Castles of Steel: Britain, Germany and the Winning of the Great War at Sea

50 Reviews

On the eve of the war in August 1914, Great Britain and Germany possessed the two greatest navies the world had ever seen: two fleets of dreadnoughts - gigantic 'castles of steel' able to hurl massive shells at an enemy miles away - were ready to test their terrible power against each other.

They skirmished across the globe before Germany, suffocated by an implacable naval blockade, decided to definitively strike against the British ring of steel. The result was Jutland, a titanic clash of fifty-eight dreadnoughts, each holding of a thousand men. When the German High Seas Fleet retreated, the Kaiser unleashed unrestricted U-boat warfare, which, in its indiscriminate violence, brought a reluctant America into the war: the German effort to "seize the trident" led to the fall of the German empire.

Massie's portrayals of Winston Churchill, the British admirals Fisher, Jellicoe, and Beatty, and the Germans Scheer, Hipper, and Tirpitz are stunning in their veracity and artistry.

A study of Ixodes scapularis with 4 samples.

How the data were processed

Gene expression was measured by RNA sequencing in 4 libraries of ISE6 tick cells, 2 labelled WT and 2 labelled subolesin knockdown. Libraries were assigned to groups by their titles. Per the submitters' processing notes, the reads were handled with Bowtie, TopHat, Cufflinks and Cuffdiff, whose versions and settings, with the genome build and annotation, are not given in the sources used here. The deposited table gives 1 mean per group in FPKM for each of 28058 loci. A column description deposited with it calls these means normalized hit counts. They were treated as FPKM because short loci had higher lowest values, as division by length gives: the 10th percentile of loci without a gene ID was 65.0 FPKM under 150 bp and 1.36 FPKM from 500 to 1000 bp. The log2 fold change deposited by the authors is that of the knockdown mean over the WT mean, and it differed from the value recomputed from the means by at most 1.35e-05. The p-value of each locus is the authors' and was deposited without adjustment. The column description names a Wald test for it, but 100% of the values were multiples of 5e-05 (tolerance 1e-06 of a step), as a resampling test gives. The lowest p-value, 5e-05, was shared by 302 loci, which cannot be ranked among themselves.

This is a great overview of the naval war in WWI. - Goodreads
This massive book is extensively and well researched. - Goodreads
Excellent overview of naval operations in World War I. - Goodreads

Review: Castles of Steel

User Review  - Bill Daniels - Goodreads

My sister Abby and I are both loyal Robert K. Massie readers. She is partial to the books about the Russian nobility. I prefer his nuts and bolts naval histories. Read full review

Review: Castles of Steel

User Review  - Dan - Goodreads

Much like its sister-book, "Dreadnought", "Castles of Steel" bogs down a bit somewhere around page ten-thousand. But if you stick with it, Massey manages to pick the pace and deliver an exhilarating ... Read full review

About the author (2013)

Robert K. Massie was born in Lexington, Kentucky in 1929. He studied American History at Yale University and Modern European History at Oxford University, which he attended as a Rhodes scholar. He lives in Irvington, New York.